While the other three seasons may be more popular for exterior projects, winter certainly holds opportunities for some jobs to be completed. Whether it’s a repair that’s necessary for safety right now or an addition or renovation that needs to be completed by spring, we understand that sometimes winter projects cannot be avoided. In addition to suggesting a high-quality insulated bottle that will keep your beverage of choice hot, we have one main recommendation for you as you work with wood this winter: leave room for movement.
Wood Movement Basics
While you always need to allow for wood movement, when you build during the coldest and driest time of the year, you need to leave room for expansion. Essentially, wood fibers act like a bundle of straws, which swell as they absorb water and then contract as they shed moisture. During winter, boards are at their smallest size in colder parts of the U.S. (This is true indoors as well as outdoors, too. Artificial heat creates an environment similar to that of a kiln, due to the warm, dry air that keeps us cozy.) While it might seem challenging, it’s actually simple to plan for movement during the extreme cold: you know that wood will move in only one direction.
Winter Wood Movement
Because any wood you install – moulding, siding, flooring, or whatever – will be the narrowest it will be all year, you can easily calculate the minimum gap to include. Whether it’s around a drawer front, between siding boards, or around a floating floor, you know that the gap with which you install the boards will be the largest that it will be throughout the year.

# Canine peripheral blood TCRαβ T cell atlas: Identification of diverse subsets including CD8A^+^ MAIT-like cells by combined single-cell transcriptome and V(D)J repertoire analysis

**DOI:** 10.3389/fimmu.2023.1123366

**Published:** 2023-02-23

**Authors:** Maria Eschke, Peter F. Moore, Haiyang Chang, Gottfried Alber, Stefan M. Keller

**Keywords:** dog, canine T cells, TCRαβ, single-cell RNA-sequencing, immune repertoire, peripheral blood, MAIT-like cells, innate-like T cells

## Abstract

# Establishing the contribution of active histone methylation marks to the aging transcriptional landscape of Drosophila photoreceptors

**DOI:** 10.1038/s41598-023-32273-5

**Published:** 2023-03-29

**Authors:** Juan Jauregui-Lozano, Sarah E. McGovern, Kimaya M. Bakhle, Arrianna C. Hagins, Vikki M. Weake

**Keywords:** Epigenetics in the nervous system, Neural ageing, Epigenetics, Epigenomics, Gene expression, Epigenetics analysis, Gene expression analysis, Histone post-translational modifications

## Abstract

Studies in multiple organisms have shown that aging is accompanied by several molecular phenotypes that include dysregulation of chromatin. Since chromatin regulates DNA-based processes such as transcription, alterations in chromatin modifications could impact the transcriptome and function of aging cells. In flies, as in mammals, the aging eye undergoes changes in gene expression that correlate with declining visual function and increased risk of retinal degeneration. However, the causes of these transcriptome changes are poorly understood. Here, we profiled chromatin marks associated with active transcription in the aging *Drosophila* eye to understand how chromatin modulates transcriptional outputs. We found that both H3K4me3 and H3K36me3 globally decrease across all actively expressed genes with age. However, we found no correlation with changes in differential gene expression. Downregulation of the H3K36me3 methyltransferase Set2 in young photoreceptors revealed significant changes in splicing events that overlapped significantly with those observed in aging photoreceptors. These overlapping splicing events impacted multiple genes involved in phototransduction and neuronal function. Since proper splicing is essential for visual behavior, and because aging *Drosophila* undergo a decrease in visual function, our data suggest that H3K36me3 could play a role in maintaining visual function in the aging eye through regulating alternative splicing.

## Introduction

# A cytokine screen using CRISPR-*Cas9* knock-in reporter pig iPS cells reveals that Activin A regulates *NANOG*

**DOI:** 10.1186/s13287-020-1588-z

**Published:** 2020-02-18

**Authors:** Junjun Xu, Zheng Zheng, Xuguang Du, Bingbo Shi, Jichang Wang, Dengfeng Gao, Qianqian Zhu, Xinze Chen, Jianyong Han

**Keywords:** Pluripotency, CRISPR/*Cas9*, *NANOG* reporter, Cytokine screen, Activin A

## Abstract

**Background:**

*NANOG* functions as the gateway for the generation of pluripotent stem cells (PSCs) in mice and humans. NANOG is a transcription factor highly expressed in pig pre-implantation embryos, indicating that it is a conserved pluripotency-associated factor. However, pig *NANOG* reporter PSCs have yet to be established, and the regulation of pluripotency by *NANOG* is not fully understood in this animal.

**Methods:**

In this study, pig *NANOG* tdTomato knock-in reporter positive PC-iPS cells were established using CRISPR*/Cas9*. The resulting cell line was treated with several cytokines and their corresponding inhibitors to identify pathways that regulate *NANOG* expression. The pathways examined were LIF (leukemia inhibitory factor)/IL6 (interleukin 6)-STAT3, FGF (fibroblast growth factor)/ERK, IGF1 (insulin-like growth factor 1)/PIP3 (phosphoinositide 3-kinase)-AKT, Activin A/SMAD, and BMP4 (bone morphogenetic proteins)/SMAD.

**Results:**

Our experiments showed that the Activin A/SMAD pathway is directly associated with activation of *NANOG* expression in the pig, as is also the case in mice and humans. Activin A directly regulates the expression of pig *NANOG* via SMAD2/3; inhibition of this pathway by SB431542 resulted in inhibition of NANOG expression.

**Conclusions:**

Wood Movement According to Species
While woodworking may well be considered an art form, calculating wood movement isn’t art; it’s science. It’s fairly easy to calculate wood movement based on species, using various charts and tools. You could check out the wood species pages on the J. Gibson McIlvain Lumber website. For each species we carry, you’ll see the ratio of radial shrinkage to tangential shrinkage. (For quartersawn boards or boards with vertical grain, you’ll want to reference mainly the radial shrinkage, while with flat sawn boards, tangential shrinkage will be more significant.)
If you’d rather have all the numbers right at your fingertips, you can install The Woodshop Widget, which is available for both iOS and Android devices. Because wood is an organic material and each board is unique, such numbers are only guidelines; other factors will influence wood movement, and you can play it safe by allowing for a little bit of extra room.
The fact remains that winter installation comes with greater risks than a summer installation. If you poorly plan spacing during the summer, the worst trouble you may have is unsightly gaps. With a winter install, though, not allowing enough space for expansion can result in damage – from counter tops that split and crack to flooring that warps and buckles. As long as you allow for enough wiggle room, though, you can ensure a successful winter install.